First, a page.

Back when I first joined the industry 8 years ago as a 16 year old learning the ropes, product options were pretty limited and what I needed to know was reasonable. Now however, with pretty much every product option on earth conceivable and with ‘standard’ window and door jobs becoming rarer and rarer, salespeople in our industry are having to become so much more than a salesperson.
Those in sales now have to have a creative string to their bow, so that they can match the expectations of a clientele that have some very ‘out there’ ideas. Thanks to programs like Grand Designs customers are now taking a lot more pride in their homes and understand that even average properties can have that touch of class – even if it’s just in the windows.
This image above a few of you may have seen on Twitter. I posted it at the back end of last week. This was a door and side light design chosen down to the very last detail by the customer. When I started, customers would have rarely taken on such a task. Now, these sorts of jobs are becoming more and more common thanks to inspiring television and products that are much more custom built. We have to make sure that as salespeople we can match these customer expectations.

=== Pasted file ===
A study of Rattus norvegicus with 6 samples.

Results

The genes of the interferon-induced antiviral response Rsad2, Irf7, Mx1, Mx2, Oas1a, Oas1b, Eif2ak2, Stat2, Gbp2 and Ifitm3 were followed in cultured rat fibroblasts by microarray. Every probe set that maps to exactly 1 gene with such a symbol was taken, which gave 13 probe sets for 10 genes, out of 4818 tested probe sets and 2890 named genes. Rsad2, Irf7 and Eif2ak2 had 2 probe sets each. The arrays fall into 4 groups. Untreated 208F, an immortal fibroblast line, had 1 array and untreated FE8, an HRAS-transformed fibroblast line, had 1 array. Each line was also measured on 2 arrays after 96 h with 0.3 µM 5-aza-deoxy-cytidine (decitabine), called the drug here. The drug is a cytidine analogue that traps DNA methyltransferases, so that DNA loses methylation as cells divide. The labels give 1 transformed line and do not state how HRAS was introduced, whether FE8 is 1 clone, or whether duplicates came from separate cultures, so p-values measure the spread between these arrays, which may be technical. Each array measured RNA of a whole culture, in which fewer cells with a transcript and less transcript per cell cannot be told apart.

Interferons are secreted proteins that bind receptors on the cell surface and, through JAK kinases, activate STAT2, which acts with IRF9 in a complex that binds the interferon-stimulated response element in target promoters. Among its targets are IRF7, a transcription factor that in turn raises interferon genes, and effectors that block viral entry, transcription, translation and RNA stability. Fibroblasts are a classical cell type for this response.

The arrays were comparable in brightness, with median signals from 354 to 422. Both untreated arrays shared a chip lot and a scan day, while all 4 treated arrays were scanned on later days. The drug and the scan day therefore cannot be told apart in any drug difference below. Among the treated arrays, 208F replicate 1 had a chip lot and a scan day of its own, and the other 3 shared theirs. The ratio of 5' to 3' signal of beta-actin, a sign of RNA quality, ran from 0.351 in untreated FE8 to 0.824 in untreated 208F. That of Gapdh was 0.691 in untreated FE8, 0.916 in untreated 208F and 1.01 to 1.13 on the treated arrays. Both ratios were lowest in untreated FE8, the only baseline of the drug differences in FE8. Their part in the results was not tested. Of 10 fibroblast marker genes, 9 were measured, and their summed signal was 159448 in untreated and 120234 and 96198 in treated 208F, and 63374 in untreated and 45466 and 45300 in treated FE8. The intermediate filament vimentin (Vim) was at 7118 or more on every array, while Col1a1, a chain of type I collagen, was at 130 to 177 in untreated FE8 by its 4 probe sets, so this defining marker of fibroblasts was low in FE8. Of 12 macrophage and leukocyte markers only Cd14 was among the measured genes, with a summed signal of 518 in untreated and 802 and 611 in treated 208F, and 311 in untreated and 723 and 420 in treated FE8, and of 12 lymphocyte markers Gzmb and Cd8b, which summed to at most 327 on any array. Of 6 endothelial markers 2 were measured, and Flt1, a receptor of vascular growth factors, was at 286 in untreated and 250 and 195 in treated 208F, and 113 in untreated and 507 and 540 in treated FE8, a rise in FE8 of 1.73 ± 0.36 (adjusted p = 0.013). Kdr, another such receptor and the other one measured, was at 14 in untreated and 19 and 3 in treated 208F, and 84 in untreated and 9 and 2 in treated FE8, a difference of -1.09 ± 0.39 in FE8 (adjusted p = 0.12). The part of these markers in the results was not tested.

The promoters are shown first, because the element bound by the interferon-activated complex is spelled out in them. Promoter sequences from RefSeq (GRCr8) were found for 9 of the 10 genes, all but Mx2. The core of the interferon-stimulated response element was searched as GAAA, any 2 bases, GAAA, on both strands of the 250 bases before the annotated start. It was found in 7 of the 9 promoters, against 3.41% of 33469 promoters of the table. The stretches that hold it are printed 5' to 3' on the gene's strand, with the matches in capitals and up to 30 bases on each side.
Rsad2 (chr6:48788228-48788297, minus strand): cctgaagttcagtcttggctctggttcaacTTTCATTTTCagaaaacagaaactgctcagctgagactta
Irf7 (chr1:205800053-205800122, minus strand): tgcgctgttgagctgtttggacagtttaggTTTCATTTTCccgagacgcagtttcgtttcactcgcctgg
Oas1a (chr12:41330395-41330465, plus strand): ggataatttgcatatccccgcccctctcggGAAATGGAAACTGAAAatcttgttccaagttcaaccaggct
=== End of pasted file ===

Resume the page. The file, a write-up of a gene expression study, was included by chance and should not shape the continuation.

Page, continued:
In order to meet these expectations we have to know our products and know our options. With a growing number of demanding customers, we absolutely must know what is available and what is not. By knowing our products inside out we can help shape the dreams and ideas of the client and make sure expectations are not raised just for them not to be met. As with any bespoke creation, limits have to be known.
Salespeople are also having to get to grips with work sometimes reserved for architects. New products like Loggias, Orangeries and so on come with huge size possibilities which do come with an inherent need to know about adjoining issues to do with general property. Basically, those salespeople being asked to price up large projects need to have a working knowledge of house building and architecture.
Since the recession, businesses have been told to diversify their product portfolio in order to maximise their revenue streams. But diversifying has also meant that sales staff have had to get to know a ton of new product information.
The role of the sales person has evolved way beyond what it used to be. Even when I started just 8 years ago. The job has evolved from plain old sales person to overall home improvement expert. As well as the job role evolving, the consumer has evolved with it. In fact it is the evolution of the consumer which has forced the sales force in our industry to become what is is now today.